Kurdish oil flow to Turkey resumes after upgrade

Kurdish oil flow to Turkey resumes after upgrade

DUHOK - Reuters
Kurdish oil flow to Turkey resumes after upgrade

Iraqi Kurdish crude oil flow to the Turkish port of Ceyhan has started again after completion of works to increase the pipeline’s capacity. AA Photo

Crude oil flow on Iraqi Kurdistan’s pipeline to Turkey has resumed after upgrade work was completed and is now running at an increased rate of 200,000 barrels per day (bpd), industry sources and Turkish officials told Reuters Aug. 21.

“The system has been tested and approved. The flow has resumed, pumping at a rate of 200,000 bpd,” one industry source familiar with the matter said.

Oil revenues are a lifeline for the Kurdish Regional Government (KRG) in northern Iraq, whose peshmerga forces are being supported by U.S. air strikes in their battle against the radical Sunni militants of Islamic State.

The pipeline, which first began operating at the start of this year, allows the semi-autonomous Kurdish enclave to independently pump and export oil, carrying northern Iraqi Taq Taq crude to Turkey’s Mediterranean export outlet of Ceyhan.

“In about a week or 10 days pumping is expected to rise to 220,000 and after that up to 250,000 bpd,” the source said.

The KRG began independently exporting its crude via Ceyhan in May, a move that has infuriated Baghdad, which claims the sole authority to manage Iraqi oil.

Baghdad has tried to block KRG’s oil sales and prevented some cargoes from discharging through legal action, but the Kurdish enclave has managed to load seven export cargoes from Ceyhan, according to Turkish Energy Minister Taner Yıldız.

So far, 7.8 million barrels of Kurdish oil have flowed through the independent pipeline, of which 6.5 million have been loaded onto tankers for export. Around $350 million in oil sales have been completed or are under way from shipments sent via the KRG’s new pipeline to Turkey, a Reuters analysis of satellite tracking data shows.

ISIL threat

In additon to Bahgdad’s objection Kurdish oil exports have been facing threats from the increasing control of the Islamic State in Iraq and the Levant’s (ISIL) over northern Iraqi oil fields.
Islamic State has seized five oil fields in the north since it arrived in June from Syria.

Iraq said on Aug. 20 it was troubled by reports that jihadist militants were smuggling oil to export markets and warned the purchase of such supplies could help the group fund its operations.

Tanker carrying Kurdish oil reappears unladen off Israel

LONDON - Reuters

A tanker carrying crude oil from Iraqi Kurdistan reappeared unladen on Aug. 19 about 30 kilometers off the coast of Israel, ship tracking data on Reuters showed.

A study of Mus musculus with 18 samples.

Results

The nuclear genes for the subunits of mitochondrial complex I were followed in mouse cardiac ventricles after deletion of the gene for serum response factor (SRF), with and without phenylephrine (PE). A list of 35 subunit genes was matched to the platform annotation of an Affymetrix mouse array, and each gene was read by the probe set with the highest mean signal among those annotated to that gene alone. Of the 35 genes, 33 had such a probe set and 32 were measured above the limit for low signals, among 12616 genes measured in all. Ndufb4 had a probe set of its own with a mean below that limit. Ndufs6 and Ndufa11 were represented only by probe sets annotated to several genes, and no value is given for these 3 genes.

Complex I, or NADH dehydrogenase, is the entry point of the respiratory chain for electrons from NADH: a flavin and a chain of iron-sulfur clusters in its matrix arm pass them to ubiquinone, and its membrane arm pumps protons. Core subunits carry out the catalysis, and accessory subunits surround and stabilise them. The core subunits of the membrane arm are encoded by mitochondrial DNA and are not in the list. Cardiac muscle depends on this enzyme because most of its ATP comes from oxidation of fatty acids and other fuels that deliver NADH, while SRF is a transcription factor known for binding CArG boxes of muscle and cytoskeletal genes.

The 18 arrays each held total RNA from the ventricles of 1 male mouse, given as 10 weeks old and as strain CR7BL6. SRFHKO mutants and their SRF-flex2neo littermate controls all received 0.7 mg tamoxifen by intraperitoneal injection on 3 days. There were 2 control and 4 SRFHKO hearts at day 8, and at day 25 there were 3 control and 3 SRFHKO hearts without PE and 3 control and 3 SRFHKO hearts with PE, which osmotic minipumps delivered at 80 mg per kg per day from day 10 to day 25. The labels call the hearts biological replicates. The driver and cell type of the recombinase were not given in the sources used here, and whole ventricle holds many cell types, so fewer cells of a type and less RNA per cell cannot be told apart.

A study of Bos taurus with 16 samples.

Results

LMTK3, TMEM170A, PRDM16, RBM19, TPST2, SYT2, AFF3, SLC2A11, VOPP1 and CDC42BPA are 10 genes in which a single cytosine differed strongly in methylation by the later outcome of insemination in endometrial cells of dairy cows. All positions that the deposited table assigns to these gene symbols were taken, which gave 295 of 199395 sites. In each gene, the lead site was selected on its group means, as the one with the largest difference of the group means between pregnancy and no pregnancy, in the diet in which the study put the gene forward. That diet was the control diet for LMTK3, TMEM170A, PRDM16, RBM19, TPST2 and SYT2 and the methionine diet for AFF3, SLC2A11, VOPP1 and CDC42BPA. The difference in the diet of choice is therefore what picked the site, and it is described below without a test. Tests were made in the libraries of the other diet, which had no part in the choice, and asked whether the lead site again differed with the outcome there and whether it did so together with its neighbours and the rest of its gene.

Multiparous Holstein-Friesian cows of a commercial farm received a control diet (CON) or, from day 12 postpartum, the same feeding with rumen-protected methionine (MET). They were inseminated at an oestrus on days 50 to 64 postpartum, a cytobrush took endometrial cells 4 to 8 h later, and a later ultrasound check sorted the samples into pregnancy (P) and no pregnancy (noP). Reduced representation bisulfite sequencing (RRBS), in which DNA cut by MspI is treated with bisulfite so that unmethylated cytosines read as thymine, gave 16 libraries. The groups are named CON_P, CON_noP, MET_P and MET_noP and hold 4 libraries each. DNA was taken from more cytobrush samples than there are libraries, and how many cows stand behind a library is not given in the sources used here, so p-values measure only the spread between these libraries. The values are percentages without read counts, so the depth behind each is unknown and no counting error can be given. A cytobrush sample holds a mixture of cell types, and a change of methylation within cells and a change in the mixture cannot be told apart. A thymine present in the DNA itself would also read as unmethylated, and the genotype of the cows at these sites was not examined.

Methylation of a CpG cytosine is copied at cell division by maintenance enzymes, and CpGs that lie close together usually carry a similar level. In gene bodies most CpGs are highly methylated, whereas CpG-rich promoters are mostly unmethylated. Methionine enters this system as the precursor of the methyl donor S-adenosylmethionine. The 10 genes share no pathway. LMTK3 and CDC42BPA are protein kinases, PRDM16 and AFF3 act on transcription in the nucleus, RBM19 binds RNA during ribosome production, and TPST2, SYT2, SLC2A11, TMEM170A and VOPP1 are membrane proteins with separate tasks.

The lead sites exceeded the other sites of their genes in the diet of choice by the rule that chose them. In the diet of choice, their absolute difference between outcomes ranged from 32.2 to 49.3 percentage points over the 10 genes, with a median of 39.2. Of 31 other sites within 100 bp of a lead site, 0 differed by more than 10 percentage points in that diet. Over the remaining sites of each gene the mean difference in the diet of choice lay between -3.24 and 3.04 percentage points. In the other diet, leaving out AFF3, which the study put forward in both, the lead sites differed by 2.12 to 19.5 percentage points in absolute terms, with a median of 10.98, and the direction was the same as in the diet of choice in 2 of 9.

This is the second time the Kamari has appeared in the area in the last two weeks carrying Kurdish oil.

The tanker Kamari was partly laden north of Egypt’s Sinai on Aug. 17, tracking showed, before it turned off its satellite transponder until early on Aug. 19. It was not possible to determine where the oil had been delivered to or who the buyer was.

A spokesman for the Kurdistan Regional Government (KRG) Ministry of Natural Resources did not immediately respond to phone calls and emails seeking comment on Aug. 20. The KRG has previously denied selling oil to Israel “directly or indirectly.”

The tanker loaded the Kurdish crude at the Turkish port of Ceyhan around Aug. 8, and made a partial delivery to Croatia via a ship-to-ship transfer last week.

Hungary’s MOL Group said on Aug. 18 that it had purchased 80,000 tonnes, just under 600,000 barrels, of Kurdish crude, which discharged at Croatia’s Omisalj port at the weekend. The company has exploration and production assets in Kurdistan.

Iraq’s central government in Baghdad has repeatedly called independent Kurdish exports “smuggling”, saying only state marketer SOMO has the right to sell Iraqi oil. The KRG says the Iraqi constitution allows it to sell oil independently of Baghdad.

Since the KRG began exporting major volumes via its pipeline, Baghdad has actively tried to block sales and has so far been successful in stopping one to Morocco and another to the United States. Baghdad has also cut the Kurds out of the country’s budget since January. Despite the setbacks, an increasing number of cargoes are now finding buyers.

Two weeks ago, the same 1 million barrel tanker loaded Kurdish oil at Ceyhan before sailing to a point just under 200 km (125 miles) off the Israeli and Egyptian coasts.

Reuters AIS Live ship tracking showed the ship was fully loaded, based on its draft in the water. After turning its satellite tracking off on Aug. 1, the ship reappeared four days later sitting far higher in the water - indicating it had unloaded its cargo of disputed oil.

It was not possible to determine which port the oil aboard the Kamari had been delivered to or who the buyer was. In June a cargo of Kurdish oil that sailed from Ceyhan aboard the United Emblem Suezmax tanker was delivered into Israel after being transferred at sea to another ship.

In June, the SCF Altai tanker delivered 1 million barrels of Kurdish crude to Israel’s Ashkelon port for an unknown buyer. It was the first successful delivery of Kurdish oil from the region’s new pipeline to Turkey, though the KRG denied selling oil to Israel directly or indirectly.